Reservation system goes down again for two hours?

1 min read
Australia's Virgin Blue Has Yet Another Check-in Problem

Australian discount airline Virgin Blue's automated reservation and baggage system crashed yet again today, forcing airline staff to revert to manual operations. This probably didn't cause Virgin Blue's staff too much trouble, since this is, I believe, the fourth outage of its "new" reservation system since it became operational last June.

You may remember that in September of 2010, a major reservation system glitch caused havoc to 50,000 Virgin Blue customers for over a week and a half.

According to this report in the Sydney Morning Herald, Virgin Blue customers started sending Twitter messages complaining about check-in problems "in Sydney Airport at 4.43pm, at Hobart airport at 4.46pm, at Canberra at 5.01pm, at Melbourne airport at 5.07pm and at Brisbane at 5.21pm."

How long the outage lasted is in dispute. A story at the Herald Sun quotes a Virgin Blue spokesperson downplaying the interruption, saying that it was "not a major worry."  The spokesperson claimed that the outage only lasted a few minutes, and that it was caused by an upgrade to Virgin Blue's network.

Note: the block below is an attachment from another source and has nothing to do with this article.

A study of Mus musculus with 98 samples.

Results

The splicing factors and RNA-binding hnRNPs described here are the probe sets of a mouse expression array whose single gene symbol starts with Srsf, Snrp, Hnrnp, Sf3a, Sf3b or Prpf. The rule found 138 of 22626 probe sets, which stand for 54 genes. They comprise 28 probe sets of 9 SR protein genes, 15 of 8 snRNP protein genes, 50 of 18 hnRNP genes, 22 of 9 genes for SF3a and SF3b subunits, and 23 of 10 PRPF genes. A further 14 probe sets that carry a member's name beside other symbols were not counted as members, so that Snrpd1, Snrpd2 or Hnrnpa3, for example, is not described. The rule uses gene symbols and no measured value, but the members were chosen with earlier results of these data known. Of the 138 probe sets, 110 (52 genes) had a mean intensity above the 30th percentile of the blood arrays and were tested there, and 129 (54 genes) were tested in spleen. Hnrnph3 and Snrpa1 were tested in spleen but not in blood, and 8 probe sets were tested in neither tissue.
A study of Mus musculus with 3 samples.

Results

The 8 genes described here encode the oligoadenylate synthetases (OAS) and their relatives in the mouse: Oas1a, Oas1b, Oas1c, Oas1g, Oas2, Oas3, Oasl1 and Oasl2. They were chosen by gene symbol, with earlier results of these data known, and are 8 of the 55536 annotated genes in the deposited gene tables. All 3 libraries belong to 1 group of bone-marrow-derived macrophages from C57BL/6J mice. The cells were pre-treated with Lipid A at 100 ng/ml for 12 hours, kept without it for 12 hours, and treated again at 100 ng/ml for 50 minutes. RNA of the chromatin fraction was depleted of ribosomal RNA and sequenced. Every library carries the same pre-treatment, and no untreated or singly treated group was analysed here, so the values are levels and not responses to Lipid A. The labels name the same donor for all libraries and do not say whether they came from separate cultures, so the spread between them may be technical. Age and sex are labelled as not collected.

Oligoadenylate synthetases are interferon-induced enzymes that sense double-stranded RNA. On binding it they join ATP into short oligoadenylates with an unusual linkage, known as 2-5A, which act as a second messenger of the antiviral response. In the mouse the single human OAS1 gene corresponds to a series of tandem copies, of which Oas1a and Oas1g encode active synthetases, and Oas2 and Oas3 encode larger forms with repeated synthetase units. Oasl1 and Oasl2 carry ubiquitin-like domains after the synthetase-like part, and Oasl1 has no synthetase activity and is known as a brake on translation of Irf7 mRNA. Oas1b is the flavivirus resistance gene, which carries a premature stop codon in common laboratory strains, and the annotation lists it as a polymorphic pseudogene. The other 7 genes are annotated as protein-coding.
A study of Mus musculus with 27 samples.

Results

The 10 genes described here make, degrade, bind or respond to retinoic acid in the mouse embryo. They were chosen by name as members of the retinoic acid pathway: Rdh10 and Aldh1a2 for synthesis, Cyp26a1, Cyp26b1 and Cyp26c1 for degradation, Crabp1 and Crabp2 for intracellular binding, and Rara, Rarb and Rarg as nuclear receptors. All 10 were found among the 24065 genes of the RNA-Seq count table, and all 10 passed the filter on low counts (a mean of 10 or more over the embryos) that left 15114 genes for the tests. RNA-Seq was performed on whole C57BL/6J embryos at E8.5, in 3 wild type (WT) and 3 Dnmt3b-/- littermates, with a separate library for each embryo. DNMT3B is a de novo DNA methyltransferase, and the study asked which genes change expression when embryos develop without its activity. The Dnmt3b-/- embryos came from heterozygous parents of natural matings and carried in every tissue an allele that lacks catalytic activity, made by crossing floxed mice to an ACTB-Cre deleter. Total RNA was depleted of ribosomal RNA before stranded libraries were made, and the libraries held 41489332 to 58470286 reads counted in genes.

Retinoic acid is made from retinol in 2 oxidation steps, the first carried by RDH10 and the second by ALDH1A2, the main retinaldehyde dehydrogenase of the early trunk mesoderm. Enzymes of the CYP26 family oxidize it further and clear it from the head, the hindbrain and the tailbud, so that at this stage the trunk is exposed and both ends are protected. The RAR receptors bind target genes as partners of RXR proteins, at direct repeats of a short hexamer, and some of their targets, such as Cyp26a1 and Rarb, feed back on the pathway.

This explanation doesn't seem entirely plausible for a couple of reasons. This article in the Courier Mail, for example, states that Virgin Blue customers were complaining for at least an hour and forty minutes about the outage via Twitter. The article also says that SkyNews reported the outage as lasting two hours.

Another reason I am a bit skeptical of the Virgin Blue's explanation is that I find it hard to believe that Virgin Blue would do a network upgrade during the peak of the afternoon travel period instead of waiting to do so overnight.

I'll update this post if any more information is forthcoming from Virgin, which I am quite sure would like this latest incident quickly slip down the old memory hole.


Technicians at Northrop Grumman Aerospace Systems facilities in Redondo Beach, Calif., work on a mockup of the JWST spacecraft bus—home of the observatory’s power, flight, data, and communications systems.

NASA

For a deep dive into the engineering behind the James Webb Space Telescope, see our collection of posts here.

When the James Webb Space Telescope (JWST) reveals its first images on 12 July, they will be the by-product of carefully crafted mirrors and scientific instruments. But all of its data-collecting prowess would be moot without the spacecraft’s communications subsystem.

The Webb’s comms aren’t flashy. Rather, the data and communication systems are designed to be incredibly, unquestionably dependable and reliable. And while some aspects of them are relatively new—it’s the first mission to use Ka-band frequencies for such high data rates so far from Earth, for example—above all else, JWST’s comms provide the foundation upon which JWST’s scientific endeavors sit.